Identifying Potential Breakout Players for the Buffalo Bills' 2012 Season
If the Buffalo Bills can get a breakout season from a few key players, they can finish what they started last season and what has continued into the offseason.
They were a breakout team in 2011 until a rash of injuries and a confluence of other circumstances led to a 1-8 finish to their season.
Staying healthy will be a good start. Although adding Mario Williams was a means to an end defensively, he can't do it alone. It'll really help if they get more out of a few other guys on the roster.
Here are some potential breakout candidates for the Bills this season.
General manager Buddy Nix said as much in an interview posted on BuffaloBills.com:
Chris Hairston, I think, can be a really good left tackle. He's a rookie, it's going to take him a little bit, and he got some good experience this year.
I think with his length and all that, Chris Hairston is a smart guy [and] can be a left tackle and play over there and be serviceable for us.
Hairston gave up four sacks in 475 snaps according to Pro Football Focus, while also giving up six pressures and nine hits.
The Bills lacked depth at tackle last year, and losing Demetress Bell to the Eagles in free agency didn't help, either (as often as he's been injured, he's talented).
That the Bills elected to draft a pair of tackles in Cordy Glenn and Zebrie Sanders shouldn't reflect poorly on Hairston but rather on their depth at the position.
If the Bills offense is to get going, Hairston could be a big part of that. The best way to make a name for himself, though, is to make sure his name doesn't get mentioned. Such is the unglamorous life of a left tackle.
He had his share of struggles, but taking away two big games from Tom Brady in which Williams gave up 10 receptions on 11 targets, Williams gave up just 12 receptions on 26 targets for 161 yards, two touchdowns and a pick, according to Pro Football Focus.
That being said, he'll have to go up against Brady twice a year until he's no longer a Bill, so he'll have to play a bit better when those games come around.
The improved pass rush should really help in that regard, so it will be up to Williams to hold up his end of the bargain by holding up in coverage.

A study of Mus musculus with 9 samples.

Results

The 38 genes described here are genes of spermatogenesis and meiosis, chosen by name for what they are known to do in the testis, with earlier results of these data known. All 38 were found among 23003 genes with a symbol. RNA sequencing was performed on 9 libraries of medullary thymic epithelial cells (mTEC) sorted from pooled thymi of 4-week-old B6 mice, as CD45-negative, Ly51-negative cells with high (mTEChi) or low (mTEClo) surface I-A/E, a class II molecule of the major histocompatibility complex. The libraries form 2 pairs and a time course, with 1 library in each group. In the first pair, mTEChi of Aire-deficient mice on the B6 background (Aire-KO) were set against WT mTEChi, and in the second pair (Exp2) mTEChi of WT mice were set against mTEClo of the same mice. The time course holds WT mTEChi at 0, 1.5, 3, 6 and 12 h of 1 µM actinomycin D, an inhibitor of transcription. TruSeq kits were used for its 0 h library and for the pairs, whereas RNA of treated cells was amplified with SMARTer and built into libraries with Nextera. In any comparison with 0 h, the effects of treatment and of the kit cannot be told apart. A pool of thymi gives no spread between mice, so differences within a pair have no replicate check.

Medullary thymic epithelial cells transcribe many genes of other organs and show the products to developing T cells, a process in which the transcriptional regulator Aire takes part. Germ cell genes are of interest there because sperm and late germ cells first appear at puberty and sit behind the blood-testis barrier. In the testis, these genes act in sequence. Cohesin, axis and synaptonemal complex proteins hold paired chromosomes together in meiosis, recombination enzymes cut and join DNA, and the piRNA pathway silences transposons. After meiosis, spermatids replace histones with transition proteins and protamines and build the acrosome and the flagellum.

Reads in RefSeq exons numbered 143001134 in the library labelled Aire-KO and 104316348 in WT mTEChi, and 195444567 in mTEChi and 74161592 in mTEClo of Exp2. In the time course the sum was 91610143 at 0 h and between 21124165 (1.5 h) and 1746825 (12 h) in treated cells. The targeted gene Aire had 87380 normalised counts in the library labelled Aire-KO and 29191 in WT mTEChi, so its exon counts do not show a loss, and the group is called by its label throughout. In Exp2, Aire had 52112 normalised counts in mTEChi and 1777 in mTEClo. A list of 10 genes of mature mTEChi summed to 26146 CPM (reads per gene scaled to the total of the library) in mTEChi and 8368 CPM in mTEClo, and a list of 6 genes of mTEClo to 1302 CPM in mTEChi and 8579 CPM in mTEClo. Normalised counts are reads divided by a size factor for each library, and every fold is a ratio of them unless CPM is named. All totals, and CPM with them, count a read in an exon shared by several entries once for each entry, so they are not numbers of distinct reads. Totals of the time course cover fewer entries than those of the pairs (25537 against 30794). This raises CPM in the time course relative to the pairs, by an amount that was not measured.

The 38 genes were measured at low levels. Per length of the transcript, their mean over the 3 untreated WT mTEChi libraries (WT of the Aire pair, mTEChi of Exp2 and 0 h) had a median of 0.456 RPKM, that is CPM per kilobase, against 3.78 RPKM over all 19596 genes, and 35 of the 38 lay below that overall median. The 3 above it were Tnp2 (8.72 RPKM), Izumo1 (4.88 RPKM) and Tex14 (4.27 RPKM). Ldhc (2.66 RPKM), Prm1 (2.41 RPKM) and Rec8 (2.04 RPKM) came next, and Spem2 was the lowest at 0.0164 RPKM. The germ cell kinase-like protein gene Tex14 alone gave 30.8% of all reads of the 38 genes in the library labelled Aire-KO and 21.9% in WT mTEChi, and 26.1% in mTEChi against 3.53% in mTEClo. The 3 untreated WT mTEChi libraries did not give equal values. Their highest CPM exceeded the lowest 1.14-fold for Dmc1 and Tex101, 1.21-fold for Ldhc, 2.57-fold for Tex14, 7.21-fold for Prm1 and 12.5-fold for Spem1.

Like with Hairston, selecting two cornerbacks wasn't so much a vote against Williams as it was against Leodis McKelvin and Terrence McGee, who carry significant question marks coming off tough outings in 2011.
The rest of the way, though, he only caught two more, and they both came in the same game.
He was really only a threat in the red zone last season, and he had just 15 receptions by the time he logged his sixth receiving touchdown of the season.
He missed Weeks 14 and 15 last season, but according to Chris Brown of BuffaloBills.com, tight end coach Pete Metzelaars thinks Chandler could evolve into a three-down player.
If Chandler can earn more time on the field and become a target outside of the red zone, he can truly break out in 2012. With more opportunities, that should only increase his chances of doing just that.
Up until this point, he hasn't proven that he can sustain success for the duration of a 16-game season. In 2012, he'll have another shot at it.
There are only two things holding Fitzpatrick back: the receivers and himself.
The Bills lacked an explosive threat in the passing game last season, and though they're hoping to get that from wide receiver T.J. Graham, what to expect remains a mystery.
As for Fitzpatrick, his career has always been up and down, but perhaps never more than last year, when Fitzpatrick threw for a 97.8 passer rating in the first seven games of the season and a 66.4 in the final nine.
The flashes he showed early in 2011 are enough to have confidence in him as a potential breakout candidate, but he has struggled to play consistently for long stretches in the past.
A breakout season for Fitzpatrick would mean the Bills' QB playing consistently for the duration of the season.